This week I had the pleasure of participating in a little Role Reversal with the Wednesday Chef. She recently lamented the immensity of her collection of recipe clippings. Rather than outright disposal, she offered them to anyone in the blogosphere who would be willing to make the recipe and report back to her.
I tuned in at the right time and was able to lay claim to the Golden Apple Triangles. I had great fun making them and my comments and a photo of the turnovers are posted on her blog for your viewing pleasure.
Sunday, May 11, 2008
It is commonly known in my family that I have a great affinity for “A” vegetables. In truth, I love vegetables of every alphabetic affiliation, but asparagus, avocados, arugula, and artichokes are always at the top of my list.
With company coming (and feeling bored with my usual repertoire), I flipped through my ever increasing portfolio of clipped and pasted recipes hoping for some inspiration. As usual, Russ Parsons rescued me in my hour of need with this recipe for braised fresh artichoke hearts. This was my first attempt at braising artichokes and, in addition to be quite easy to make, the result was deliciously creamy with the texture and taste of prosciutto adding the perfect rustic note.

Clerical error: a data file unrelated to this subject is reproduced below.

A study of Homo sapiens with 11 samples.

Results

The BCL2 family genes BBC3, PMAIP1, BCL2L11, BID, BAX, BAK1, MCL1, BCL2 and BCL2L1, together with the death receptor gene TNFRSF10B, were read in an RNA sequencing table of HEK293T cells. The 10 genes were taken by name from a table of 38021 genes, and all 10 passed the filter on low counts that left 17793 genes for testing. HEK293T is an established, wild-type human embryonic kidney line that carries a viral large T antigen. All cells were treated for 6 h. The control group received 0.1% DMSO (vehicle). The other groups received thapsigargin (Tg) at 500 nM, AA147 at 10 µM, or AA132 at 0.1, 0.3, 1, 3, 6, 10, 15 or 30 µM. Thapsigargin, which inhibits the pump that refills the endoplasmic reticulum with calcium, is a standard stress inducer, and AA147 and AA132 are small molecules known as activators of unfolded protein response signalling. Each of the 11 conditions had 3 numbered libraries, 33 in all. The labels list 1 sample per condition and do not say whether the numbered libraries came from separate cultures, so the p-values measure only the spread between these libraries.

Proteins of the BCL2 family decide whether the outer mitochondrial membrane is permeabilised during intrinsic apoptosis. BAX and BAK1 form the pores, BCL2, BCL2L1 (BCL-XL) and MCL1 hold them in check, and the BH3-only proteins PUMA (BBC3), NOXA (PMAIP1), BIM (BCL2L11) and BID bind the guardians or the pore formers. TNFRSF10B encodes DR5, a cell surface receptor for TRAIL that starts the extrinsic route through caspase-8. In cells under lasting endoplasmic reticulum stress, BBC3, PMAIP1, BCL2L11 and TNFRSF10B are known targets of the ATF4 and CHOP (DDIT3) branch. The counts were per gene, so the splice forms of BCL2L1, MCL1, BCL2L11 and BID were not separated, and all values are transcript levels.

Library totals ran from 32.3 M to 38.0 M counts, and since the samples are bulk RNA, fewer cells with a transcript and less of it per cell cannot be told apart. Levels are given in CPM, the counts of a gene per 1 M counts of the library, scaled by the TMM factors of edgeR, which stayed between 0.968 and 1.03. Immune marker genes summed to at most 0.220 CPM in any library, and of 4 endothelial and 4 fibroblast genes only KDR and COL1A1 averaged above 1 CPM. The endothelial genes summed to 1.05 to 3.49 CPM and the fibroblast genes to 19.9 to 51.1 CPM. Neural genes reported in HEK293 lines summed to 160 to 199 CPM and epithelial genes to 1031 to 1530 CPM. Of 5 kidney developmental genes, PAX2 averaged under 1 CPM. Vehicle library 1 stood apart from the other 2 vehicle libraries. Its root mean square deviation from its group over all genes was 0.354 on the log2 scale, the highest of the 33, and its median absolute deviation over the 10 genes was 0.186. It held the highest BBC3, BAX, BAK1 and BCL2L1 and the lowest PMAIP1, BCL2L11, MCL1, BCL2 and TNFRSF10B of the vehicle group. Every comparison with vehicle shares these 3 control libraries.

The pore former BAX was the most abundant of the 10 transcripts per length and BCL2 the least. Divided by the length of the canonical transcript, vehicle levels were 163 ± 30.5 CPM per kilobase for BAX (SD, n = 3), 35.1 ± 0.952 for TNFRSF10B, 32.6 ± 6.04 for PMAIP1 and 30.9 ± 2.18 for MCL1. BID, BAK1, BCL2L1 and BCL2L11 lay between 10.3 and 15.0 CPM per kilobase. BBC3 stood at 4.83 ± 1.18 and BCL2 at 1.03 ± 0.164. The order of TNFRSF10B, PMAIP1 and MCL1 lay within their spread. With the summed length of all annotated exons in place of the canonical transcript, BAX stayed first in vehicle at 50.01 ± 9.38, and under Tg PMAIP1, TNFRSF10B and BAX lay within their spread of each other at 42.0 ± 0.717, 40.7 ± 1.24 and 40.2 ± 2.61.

It provided a great balance for my dinner of citrus marinated, grilled chicken with a salad of arugula and shaved Parmigiano-Reggiano, and yielded lots of yummy noises at the table.
Russ Parsons’ Artichokes with Prosciutto and Cream
Los Angeles Times - December 29, 2004
1 ¾ pounds medium OR
2 ¼ pounds baby artichokes
2 tablespoons butter
3 slices prosciutto, cut into slivers
1 tablespoon minced shallots
2 sprigs fresh thyme
½ cup water
½ cup heavy cream
salt and pepper
Trim the artichokes. If using medium ones, quarter them lengthwise. Place them in a bowl of acidulated water (water with a little vinegar or lemon or lime juice).
Melt the butter in a large skillet over medium-low heat. Add the prosciutto and shallots and cook until softened, about 5 minutes. Drain the artichokes and add them to the pan. Add the thyme and water. Cover the skillet and cook until the artichokes are tender, 10 to 15 minutes. Shake the pan from time to time to stir the contents, adding a little more water if necessary.
When the artichokes are easily pierced with a knife, remove the lid and raise the heat to high. Cook until the moisture evaporates and the artichokes sizzle, about 5 minutes.
Remove the pan from the heat and let it cook for a minute. Add the cream and return the pan to the burner over medium heat. Cook, stirring, until the cream has thickened enough to lightly coat the artichokes, about 3 minutes. Taste and add salt if necessary (depending on the saltiness of the prosciutto). Season with pepper and serve warm.